For Richer, For Poorer....
06 May 2014
In the recent case of Official Receiver for Northern Ireland v Catherine Gallagher (11th February 2014), Deeny J considered the issue of dispositions by a bankrupt during the period of a live bankruptcy petition, where the transfers were to give effect to a divorce settlement.
Ciaran Gallagher was the subject of a petition for bankruptcy issued by HM Revenue & Customs following a statutory demand for the sum of £21,500.00 which petition was live at the same time as the negotiation of his decree nisi settlement with the respondent in this case.
Master Redpath of the Family Division heard the terms of agreement between Mr and Mrs Gallagher in November 2011, and arranged to also hear the bankruptcy petition at the same time as the two hearings were inter-connected. The proposals by Mr Gallagher entailed settlement of the HMRC amount in order to extinguish the statutory demand and bankruptcy petition, and payment of €20,000 and transfer of a building site in County Donegal to his wife as part of the divorce settlement. Both Mrs Gallagher and the petitioning creditor, HMRC, were represented at the hearing and approved the terms of the settlement.
Subsequent to this arrangement, Mr Gallagher was declared bankrupt in any event in January 2012.
The Official Receiver argued that the agreement reached at the November 2011 hearing, and the dispositions effected by it, were void on the basis that the High Court had not ratified the dispositions in bankruptcy hearings. As a petition for bankruptcy was live at the hearing date, a separate hearing would be required to issue a validation order, and in the absence of the same the cash payments and transfer of property should be reversed.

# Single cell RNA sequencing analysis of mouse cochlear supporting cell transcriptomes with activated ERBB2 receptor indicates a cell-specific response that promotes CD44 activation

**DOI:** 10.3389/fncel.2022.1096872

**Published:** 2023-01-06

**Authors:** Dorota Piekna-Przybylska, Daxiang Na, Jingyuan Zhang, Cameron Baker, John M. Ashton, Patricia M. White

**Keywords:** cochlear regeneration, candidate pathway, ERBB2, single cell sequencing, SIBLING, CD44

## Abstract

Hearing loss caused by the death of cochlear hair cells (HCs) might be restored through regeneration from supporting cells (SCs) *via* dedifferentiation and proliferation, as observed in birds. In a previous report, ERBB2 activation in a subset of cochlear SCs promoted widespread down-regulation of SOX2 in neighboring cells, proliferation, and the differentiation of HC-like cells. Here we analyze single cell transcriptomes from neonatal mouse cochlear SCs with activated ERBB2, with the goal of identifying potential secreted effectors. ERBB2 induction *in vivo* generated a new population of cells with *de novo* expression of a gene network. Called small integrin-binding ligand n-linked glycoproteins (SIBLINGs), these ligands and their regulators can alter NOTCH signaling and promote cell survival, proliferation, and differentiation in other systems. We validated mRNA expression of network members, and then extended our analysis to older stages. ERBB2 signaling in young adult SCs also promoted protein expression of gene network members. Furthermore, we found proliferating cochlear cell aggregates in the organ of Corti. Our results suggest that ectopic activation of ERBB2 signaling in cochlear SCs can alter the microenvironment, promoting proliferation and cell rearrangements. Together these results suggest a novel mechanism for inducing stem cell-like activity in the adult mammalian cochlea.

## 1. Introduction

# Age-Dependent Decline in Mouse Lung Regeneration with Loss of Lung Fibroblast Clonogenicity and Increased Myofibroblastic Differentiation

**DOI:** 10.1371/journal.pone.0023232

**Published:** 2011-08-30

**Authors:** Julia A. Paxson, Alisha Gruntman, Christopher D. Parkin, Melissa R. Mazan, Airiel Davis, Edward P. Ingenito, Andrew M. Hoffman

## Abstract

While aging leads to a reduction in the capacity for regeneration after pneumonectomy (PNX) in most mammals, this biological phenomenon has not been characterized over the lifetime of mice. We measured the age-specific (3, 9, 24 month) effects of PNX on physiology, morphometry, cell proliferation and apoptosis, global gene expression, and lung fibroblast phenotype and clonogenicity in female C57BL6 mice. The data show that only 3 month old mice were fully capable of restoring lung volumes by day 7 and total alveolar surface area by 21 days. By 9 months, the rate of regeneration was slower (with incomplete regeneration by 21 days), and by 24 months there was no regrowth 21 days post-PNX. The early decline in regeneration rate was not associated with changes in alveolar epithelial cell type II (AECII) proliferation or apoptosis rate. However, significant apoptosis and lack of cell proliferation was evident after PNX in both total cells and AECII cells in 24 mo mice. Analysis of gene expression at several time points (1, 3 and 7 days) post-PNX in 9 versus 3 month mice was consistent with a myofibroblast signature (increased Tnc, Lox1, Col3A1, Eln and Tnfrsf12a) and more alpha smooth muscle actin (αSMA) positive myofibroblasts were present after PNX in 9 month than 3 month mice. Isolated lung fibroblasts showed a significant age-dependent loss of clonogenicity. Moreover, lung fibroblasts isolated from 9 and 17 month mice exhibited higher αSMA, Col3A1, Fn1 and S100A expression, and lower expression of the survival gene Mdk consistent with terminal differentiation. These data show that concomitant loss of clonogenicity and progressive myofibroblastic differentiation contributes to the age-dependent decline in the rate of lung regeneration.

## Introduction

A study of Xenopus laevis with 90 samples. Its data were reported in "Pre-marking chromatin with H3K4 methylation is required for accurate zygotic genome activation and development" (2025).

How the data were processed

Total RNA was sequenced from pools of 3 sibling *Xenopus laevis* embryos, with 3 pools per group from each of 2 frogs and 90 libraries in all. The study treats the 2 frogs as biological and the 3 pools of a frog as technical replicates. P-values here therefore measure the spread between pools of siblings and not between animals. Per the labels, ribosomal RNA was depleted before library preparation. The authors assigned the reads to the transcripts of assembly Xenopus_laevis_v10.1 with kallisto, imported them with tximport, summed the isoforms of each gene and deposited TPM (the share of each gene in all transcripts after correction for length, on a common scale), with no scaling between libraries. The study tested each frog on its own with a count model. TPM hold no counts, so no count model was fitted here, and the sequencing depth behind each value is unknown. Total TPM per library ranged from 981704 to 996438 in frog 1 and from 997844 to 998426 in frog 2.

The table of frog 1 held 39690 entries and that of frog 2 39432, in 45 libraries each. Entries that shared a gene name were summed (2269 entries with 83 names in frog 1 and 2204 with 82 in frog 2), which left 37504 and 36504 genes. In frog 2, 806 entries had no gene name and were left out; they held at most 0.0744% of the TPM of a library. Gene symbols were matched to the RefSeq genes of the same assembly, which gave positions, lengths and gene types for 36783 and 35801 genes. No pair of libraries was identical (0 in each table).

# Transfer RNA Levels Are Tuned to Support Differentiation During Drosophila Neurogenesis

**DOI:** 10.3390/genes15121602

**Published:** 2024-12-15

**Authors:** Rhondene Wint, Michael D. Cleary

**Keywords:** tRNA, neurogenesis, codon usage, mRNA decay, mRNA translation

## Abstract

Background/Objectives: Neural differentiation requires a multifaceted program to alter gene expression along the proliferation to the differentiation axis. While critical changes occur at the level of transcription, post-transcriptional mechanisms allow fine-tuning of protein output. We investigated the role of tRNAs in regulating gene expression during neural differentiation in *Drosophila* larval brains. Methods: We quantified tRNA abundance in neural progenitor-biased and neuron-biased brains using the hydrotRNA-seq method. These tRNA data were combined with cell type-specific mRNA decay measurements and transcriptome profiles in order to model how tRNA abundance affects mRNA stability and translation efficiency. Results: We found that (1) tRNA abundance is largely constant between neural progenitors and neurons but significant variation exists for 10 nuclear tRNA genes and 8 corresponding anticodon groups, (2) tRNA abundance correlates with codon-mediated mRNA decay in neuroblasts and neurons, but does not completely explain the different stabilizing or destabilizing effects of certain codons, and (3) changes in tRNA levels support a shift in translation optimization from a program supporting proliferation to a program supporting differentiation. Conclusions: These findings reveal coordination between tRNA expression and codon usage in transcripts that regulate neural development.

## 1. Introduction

It was important in this case that Master Redpath had heard both petitions and was therefore making the orders in full knowledge of the bankruptcy petition (and with the petitioning creditor represented at the hearing). As such, while no separate validation order was issued, the order of Master Redpath was sufficient to validate the transfers of cash and property to Mrs Gallagher and to HMRC for the purposes of Article 257 of the Insolvency Order.
Many similar cases in England have not had the same outcome because different courts were dealing with the different petitions (either in terms of geographical location, or in terms of county court being involved in one or other of the petitions rather than the High Court). In this instance, as Master Redpath heard both petitions, the order of itself served to validate the dispositions effected by it and the creditors proving in Mr Gallagher’s subsequent bankruptcy were unable to apply to set aside the transactions.
Good to know the marriage vows still have some effect...
For further advice on this case or any other matter relating to insolvent companies, please contact the Carson McDowell Insolvency Team.